Speed-time graphs

The confusing thing is that SPEED-Time graphs often ‘look’ the same as DISTANCE-Time graphs. But they are very different and the information you can read from them is also very different. Let’s start with the basics. The axes look like this …


Always pay careful attention to the UNITS!

Time – the units here could be in seconds, minutes, hours, even days (depending on the journey). But usually, for everyday-type journeys, hours are used. Here we will use hours. Sometimes the times are written as ‘clock’ times, e.g. 9am – 10am – 11am, or 1300 – 1400 – 1500 etc.

Speed – the units here could be in centimetres per second (cm/s), metres per second (m/s), or kilometres per hour (km/h). Again it depends on the type of journey. Usually, for journeys by car, bus, train or plane, kilometre per hour (km/h) are used. However, pay great attention to the question because it may ask for a speed in kilometres per hour but the units on the SPEED axis may be in metres per minute, or even per second. And you must know how to convert from one to the other.

Let’s use an example…

You get on a train at 10 am. Starting from rest the train takes 15 minutes to reach a speed of 70 km/h. It stays at this speed for another 15 minutes and then during the next 30 minutes its speed reaches 110 km/hour. The train stays at this speed for another 15 minutes but, because the driver must stop at the next station, the train begins to steadily slow down. It takes the train 30 minutes to steadily slow down and come to a stop at the next station platform.

Now what would all this information look like on a SPEED-Time graph?

Well what do we know?

The whole journey takes 105 minutes (1 hour 45 minutes).

This is just adding up all the little bits of time given.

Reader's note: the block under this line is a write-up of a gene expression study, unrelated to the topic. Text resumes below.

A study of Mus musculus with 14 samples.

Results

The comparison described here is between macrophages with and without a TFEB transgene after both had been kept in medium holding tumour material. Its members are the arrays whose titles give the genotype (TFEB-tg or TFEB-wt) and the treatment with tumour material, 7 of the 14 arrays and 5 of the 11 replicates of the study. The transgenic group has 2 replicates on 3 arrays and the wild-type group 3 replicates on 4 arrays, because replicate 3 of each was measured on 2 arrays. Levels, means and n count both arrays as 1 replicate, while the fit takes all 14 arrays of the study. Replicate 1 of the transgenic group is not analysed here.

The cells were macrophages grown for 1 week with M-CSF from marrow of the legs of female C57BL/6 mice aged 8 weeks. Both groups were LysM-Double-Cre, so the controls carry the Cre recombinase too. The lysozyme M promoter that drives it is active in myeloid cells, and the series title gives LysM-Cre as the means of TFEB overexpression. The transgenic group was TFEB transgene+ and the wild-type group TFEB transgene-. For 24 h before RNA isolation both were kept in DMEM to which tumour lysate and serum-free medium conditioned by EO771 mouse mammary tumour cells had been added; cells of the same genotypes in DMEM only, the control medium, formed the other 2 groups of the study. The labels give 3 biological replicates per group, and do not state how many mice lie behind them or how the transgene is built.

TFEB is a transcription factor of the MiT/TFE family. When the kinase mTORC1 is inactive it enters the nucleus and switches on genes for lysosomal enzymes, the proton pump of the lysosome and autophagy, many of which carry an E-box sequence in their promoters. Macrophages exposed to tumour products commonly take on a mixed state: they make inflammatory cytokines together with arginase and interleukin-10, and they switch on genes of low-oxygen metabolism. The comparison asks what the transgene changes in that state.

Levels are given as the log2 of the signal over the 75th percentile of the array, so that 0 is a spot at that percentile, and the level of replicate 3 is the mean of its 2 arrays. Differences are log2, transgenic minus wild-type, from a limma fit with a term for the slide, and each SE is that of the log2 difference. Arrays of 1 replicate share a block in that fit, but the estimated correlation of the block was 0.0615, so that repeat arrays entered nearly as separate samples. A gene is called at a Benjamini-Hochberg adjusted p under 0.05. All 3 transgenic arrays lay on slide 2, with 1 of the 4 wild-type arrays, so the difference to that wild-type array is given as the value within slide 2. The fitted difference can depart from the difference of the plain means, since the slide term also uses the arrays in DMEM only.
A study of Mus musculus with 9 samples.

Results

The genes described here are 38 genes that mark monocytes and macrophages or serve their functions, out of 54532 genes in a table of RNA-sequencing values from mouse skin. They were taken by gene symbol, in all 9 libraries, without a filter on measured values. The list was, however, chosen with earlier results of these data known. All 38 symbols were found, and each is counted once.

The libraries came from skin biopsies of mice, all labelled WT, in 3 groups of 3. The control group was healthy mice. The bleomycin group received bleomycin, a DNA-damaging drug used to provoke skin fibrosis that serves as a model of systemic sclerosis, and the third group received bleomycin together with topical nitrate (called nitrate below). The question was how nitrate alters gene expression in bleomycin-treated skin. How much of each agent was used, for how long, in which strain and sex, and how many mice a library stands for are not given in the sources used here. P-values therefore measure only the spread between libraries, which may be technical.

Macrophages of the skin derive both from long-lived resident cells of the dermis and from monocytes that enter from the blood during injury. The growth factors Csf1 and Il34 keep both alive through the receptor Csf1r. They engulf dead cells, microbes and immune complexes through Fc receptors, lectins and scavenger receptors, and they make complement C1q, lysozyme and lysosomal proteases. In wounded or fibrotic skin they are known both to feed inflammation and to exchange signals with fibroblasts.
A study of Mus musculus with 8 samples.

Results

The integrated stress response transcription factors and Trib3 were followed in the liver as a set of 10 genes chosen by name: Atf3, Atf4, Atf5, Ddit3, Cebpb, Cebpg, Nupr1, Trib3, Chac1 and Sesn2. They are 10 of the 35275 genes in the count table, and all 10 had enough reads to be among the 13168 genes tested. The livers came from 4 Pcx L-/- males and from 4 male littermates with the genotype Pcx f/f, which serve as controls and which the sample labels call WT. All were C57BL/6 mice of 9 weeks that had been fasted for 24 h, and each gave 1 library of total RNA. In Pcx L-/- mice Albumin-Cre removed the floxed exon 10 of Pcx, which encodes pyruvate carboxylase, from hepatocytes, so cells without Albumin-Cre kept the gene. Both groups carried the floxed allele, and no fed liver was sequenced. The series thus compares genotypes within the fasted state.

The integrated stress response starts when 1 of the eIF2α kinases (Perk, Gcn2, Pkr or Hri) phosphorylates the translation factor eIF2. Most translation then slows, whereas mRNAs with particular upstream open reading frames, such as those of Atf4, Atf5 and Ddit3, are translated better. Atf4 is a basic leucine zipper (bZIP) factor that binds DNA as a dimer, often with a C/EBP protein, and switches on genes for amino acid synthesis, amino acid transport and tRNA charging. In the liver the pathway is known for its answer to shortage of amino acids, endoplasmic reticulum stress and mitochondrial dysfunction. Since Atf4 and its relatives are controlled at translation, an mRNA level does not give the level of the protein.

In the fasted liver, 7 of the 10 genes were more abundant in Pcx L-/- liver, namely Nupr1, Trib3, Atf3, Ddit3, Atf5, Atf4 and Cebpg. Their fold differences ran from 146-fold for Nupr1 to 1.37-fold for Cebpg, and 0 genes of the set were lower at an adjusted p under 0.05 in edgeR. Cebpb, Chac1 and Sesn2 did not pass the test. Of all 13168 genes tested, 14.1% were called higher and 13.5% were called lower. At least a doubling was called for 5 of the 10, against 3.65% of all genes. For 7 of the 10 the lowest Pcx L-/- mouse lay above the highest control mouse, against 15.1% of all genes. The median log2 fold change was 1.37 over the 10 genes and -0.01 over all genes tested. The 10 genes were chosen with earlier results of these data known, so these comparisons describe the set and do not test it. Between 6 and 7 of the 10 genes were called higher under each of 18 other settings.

The fastest speed reached is 110 km/h.

So the SPEED axis will probably not go beyond 120 km/h

From rest the train took 15 minutes to reach 70 km/h.

This ‘From rest’ tells you that the graph must begin with the SPEED at ZERO and Time at ZERO – in other words, at the Origin. In the first 15 minutes its speed steadily increased from 0 km/h to 70 km/h (the red line)

It stayed at 70 km/h for the next 15 minutes.

So there was no change in the speed for 15 minutes – so this must be a ‘flat’ part of the graph (the blue line).

Then, over the next 30 minutes, its speed increased from 70 to 110 km/h.

An increase in speed means the graph will rise ( ).

It stays at 110 km/h for the next 15 minutes.

Again another ‘flat’ part of the graph ( ).

During the last 30 minutes the train steadily slows down and comes to a stop.

After travelling at 110 km/h for 15 minutes, the train now takes 30 minutes to steadily slow down to zero speed ( ).

Now let’s put all of this information onto a SPEED-Time graph……



So remember, the gradients of straight lines in a SPEED-Time graph are values telling you how fast the speed is changing – they are ACCELERATIONS.


– Lines with POSITIVE gradients are ACCELERATIONS – they tell you how fast the speed is INCREASING.

– Lines with NEGATIVE gradients are DECELERATIONS – they tell you how fast the speed is DECREASING.

Also notice I have used the word ‘steadily’ when describing the changing speeds.

This is because the lines are straight. In the real world, of course, speeds don’t usually change in a steady way – you speed up a bit, slow down a little, speed up a bit more etc. So the value of a straight-line gradient on a SPEED-Time graph is really an AVERAGE acceleration.

Now we come to the other important information that can be found in a SPEED-Time graph – DISTANCES!

Just take a look at this rectangle under the speed-time graph ……


Let’s find its AREA…..(and pay great attention to the UNITS)….


In other words, the total AREA under a SPEED-Time graph is the total DISTANCE travelled during the journey. And this is very often a question in IGCSE – find the total distance travelled. Let’s see how we would do this for our SPEED-Time graph.

Basically chop it up into easy bits – rectangles and triangles – and then find the area of each bit and add them up. Like this…..



Total distance travelled between 10 am and 11:45 am is….

= 8.75 km + 17.5 km + 35 km + 10 km + 27.5 km + 27.5 km

= 126.25 km

Points to remember:

  • Positive gradients of straight lines are ACCELERATIONS.
  • Negative gradients of straight lines are DECELERATIONS.
  • Lines with no gradient (‘flat’) are times of CONSTANT speed.
  • AREAS beneath SPEED-Time graphs are DISTANCES travelled.